Te Mauri - Pimatisiwin

The CIET Aboriginal Youth Resilience Studies: 14 Years of Capacity Building and Methods Development in Canada

 

 

Abstract

 

CIET started supporting Canadian Aboriginal community-based researchers of resilience in 1995. An evolving approach to Aboriginal resilience used a combination of standard instruments and questionnaires of local design. Over the years, CIET measured personal assets like sense of coherence, spirituality, knowledge, pride in one’s heritage, mastery or self-efficacy, self-esteem, low levels of distress, involvement in traditional ways and activities, church attendance. Other indicators reflected the social dimension of resilience: feeling supported; parental care and support; parental monitoring, attitudes, and example; peer support; and support from the wider community.

• Acknowledgments. Health Canada funded the Nechi, Wunska, LoPHID, and LIHC studies. The James Bay Cree Board of Health and Social Services funded studies in there area and collaborated in others funded by the Assembly of First Nations, namely the AFN-HIV and AFN-CPNP studies. The Canadian Institutes of Health Research (CIHR) funded ACRA, ACYRN, and ACR-DV. The Tłįchį Community Service (TCSA) and the Alexis Health and Social Program contributed financially and in kind to the ACRA-Tłįchǫ and ACYRN-Alexis studies respectively.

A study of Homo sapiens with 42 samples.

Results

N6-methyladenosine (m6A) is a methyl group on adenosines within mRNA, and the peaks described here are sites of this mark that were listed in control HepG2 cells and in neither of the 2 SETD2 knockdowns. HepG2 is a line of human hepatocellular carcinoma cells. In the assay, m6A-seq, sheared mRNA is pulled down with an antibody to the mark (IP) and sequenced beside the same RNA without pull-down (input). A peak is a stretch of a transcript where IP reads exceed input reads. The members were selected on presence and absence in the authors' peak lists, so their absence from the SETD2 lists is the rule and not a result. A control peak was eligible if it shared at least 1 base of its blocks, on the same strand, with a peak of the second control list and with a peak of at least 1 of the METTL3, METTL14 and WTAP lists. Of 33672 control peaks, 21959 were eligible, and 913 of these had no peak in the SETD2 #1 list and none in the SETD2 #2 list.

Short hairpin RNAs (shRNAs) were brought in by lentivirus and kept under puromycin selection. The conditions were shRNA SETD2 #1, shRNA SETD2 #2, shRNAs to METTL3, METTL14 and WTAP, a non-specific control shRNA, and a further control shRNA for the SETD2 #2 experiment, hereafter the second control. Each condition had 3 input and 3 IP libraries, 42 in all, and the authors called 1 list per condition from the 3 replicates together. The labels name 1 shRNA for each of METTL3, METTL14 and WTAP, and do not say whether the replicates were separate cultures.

Many CIET members have worked on the studies presented here: Jacques Berard, Dawn Caldwell, Anne Cockcroft, Karen Edwards, Nancy Gibson, Candyce Hamel, Carrielynn Lund, April Maloney, Nicole Massoud, Debbie Milne, Steve Mitchell, Lorenzo Monasta, Sharmila Mhatre, Bev Shea, Aparna Swaminathan and Brenda Thomas.